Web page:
How to avoid a property pitfall


But there’s nothing better than seeing a house in ‘real life’. Take a damp meter and expect every nook and cranny – and don’t be afraid to linger longer.

Here are some of the major things to keep your eyes peeled for when you’re checking out potential properties.

1. Any damp?

You can normally smell if it’s particularly bad but other giveaway signs include flaking plaster, black speckles on wallpaper or wet patches on ceilings. You might want to take a hint of every room has been freshly painted as this could be a damp cover up!

2. Check the boiler

Don’t be afraid to send a gas engineer round to check the state of the boiler before you buy, especially if you suspect it is old or hasn’t been serviced in a while. A good boiler can cost upwards of £3000 so is not a cheap thing to replace. Make sure you get a gas safety certificate to check there is no leaking carbon monoxide, which could prove lethal.

If the hot water tank is in the attic, that’s a sign it’s old and will need replacing soon.

3. Which way does the house face?

In an ideal world we’d all have a south facing garden to catch the best of those rays of light – if we’re in the UK! In the summer your home will be full or warmth and light, rather than very dark. If you can’t tell which way you’re facing with local landmarks to guide you, don’t be worried about taking along a compass to your house viewing. There may be one on your mobile. A good time to view a house is in the middle of the say to get an idea of light.

4. Big cracks?

With older houses you can expect to see a few cracks. But we’re taking big ones where extensions join or near bay windows. Basically you’ll want to find any issues now so you can ask a surveyor to investigate further – or negotiate on costs to repair.

5. Sneaky tactics?

Don’t forget someone is trying to sell their home, so they’re going to try every trick in the book to make their house look more appealing. Large mirrors to make rooms look bigger, nice candles on to disguise damp, fresh paint, lovely cheese plant hiding a rather large crack by the door frame…so don’t be fooled!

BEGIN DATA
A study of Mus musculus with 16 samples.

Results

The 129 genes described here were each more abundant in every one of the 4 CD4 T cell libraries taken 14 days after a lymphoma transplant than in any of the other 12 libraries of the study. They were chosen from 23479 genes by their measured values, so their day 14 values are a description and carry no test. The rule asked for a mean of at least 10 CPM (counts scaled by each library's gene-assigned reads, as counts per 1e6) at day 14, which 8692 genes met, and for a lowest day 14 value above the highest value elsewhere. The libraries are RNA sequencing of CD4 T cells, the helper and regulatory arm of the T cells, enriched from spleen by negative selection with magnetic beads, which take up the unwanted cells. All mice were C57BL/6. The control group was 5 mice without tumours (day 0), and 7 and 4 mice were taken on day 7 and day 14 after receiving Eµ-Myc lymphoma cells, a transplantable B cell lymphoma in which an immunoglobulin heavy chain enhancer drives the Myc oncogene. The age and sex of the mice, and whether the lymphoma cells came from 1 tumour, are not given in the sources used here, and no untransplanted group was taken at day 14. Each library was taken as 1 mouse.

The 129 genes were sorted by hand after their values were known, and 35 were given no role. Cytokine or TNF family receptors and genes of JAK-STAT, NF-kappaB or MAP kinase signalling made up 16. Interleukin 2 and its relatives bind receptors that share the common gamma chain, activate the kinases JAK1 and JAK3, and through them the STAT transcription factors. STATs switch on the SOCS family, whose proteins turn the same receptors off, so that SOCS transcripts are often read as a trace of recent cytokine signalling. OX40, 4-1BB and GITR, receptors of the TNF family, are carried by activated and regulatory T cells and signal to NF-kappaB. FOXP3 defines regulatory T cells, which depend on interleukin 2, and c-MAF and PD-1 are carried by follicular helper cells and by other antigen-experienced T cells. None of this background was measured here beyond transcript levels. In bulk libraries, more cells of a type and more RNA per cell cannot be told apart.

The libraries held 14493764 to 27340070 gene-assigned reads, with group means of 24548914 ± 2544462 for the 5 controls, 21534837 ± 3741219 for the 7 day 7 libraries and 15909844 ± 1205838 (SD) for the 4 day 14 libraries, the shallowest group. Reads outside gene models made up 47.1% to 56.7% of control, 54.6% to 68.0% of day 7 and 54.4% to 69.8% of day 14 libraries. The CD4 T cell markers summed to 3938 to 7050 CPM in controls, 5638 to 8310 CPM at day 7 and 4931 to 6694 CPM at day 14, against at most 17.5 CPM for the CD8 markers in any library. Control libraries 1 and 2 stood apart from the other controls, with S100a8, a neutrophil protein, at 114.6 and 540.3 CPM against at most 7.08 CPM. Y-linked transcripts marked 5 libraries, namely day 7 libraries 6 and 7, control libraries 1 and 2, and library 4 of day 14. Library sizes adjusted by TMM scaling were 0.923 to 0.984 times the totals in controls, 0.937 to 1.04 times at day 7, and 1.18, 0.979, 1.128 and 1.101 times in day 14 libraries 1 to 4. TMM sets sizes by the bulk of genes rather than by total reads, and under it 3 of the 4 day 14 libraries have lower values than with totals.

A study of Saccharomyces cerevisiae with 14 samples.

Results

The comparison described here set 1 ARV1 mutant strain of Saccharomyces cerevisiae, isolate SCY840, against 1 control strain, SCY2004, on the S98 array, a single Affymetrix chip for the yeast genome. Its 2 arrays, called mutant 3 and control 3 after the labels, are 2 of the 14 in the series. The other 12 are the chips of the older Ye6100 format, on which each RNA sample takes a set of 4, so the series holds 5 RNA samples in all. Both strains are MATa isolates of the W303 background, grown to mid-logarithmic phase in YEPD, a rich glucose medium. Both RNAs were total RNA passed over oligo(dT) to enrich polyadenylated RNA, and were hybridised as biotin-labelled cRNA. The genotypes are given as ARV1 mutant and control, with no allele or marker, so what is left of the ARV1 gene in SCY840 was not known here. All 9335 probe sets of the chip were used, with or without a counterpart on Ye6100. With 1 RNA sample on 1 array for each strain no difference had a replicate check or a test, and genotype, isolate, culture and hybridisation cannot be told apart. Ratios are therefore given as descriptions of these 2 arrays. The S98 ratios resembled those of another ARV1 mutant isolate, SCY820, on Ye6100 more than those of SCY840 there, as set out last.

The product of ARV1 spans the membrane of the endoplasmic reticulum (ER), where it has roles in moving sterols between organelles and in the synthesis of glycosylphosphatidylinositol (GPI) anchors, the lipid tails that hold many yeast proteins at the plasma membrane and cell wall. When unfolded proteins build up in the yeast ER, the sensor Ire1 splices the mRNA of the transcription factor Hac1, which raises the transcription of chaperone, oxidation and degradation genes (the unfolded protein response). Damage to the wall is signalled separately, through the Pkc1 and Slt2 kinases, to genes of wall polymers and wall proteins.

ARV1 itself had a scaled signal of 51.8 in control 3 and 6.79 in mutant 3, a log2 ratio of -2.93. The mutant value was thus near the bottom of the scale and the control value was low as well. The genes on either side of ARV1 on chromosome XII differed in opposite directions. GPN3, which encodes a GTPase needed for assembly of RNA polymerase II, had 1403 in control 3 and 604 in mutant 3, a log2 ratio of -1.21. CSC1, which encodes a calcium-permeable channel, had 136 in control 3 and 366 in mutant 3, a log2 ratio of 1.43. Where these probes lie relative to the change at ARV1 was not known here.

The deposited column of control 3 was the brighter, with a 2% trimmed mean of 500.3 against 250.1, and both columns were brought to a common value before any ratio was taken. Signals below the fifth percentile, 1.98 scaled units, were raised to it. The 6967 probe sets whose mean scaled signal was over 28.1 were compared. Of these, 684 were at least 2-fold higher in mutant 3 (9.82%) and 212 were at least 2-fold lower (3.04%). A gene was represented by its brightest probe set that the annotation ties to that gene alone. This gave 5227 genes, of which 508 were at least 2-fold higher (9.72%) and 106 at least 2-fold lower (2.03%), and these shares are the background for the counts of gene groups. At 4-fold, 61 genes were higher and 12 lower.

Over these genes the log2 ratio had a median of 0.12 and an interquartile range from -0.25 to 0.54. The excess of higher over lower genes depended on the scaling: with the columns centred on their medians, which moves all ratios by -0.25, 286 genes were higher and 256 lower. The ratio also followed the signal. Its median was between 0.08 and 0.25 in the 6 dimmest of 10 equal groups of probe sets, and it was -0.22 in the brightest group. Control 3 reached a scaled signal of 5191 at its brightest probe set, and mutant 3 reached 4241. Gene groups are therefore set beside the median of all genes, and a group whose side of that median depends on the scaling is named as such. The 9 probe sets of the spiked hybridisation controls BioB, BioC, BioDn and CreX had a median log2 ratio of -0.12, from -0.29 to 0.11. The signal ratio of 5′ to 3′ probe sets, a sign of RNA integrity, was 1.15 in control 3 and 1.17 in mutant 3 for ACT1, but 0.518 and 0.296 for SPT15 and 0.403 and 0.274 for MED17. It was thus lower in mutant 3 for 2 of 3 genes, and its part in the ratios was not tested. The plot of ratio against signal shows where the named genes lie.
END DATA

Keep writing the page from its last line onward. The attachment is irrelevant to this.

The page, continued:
Take photos (if they let you) and ask if they’re leaving anything behind. Even if they’re not to your taste, curtains are always handy to have in every room when you first move in.

6. Enough storage?

However much you cleared out before you move house, throw in a pet and a couple of kids and you’re definitely going to need storage solutions. Check if the loft is boarded (if there is one) as this will give you multiple options for all those suitcases and winter coats. Check under stairs for extra storage for things like shoes, coats and beds as it all needs somewhere to go!

7. Do the windows need replacing?

Windows and frames are a great indicator of the rest of a house. If you can see condensation between panes of double glazing, you need to replace these as they are faulty. If frames are wooden, don’t be scared to touch them to check how sturdy they are.

It may be that you just need new glass as the older frames are of good quality. New windows should always be installed by a registered approved inspector so you should get a FENSA or similar certificate, which can have a guarantee.

8. What’s the local area like?

Yes you’ll probably like to be in walking distance of a paper shop, somewhere to grab a pint of mik and perhaps get a chippy on a Friday night. You may want to be near to public transport? Where’s the nearest bus stop?

Things to check for are nearby transport, for example noisy train tracks, airport runways, flight paths or main roads. If you’re near a school, it’s going to be pretty busy for 30 minutes before and after the bell goes. It might be nice to have a local boozer but do people get rowdy and chucked out regularly!?

It’s always good to have a second viewing at a different time of day to your first, especially so you can check out the parking situation. Will you be able to get both cars outside your property if there’s no drive?

Ask a friend to go with you for the second viewing as they might spot something you haven’t.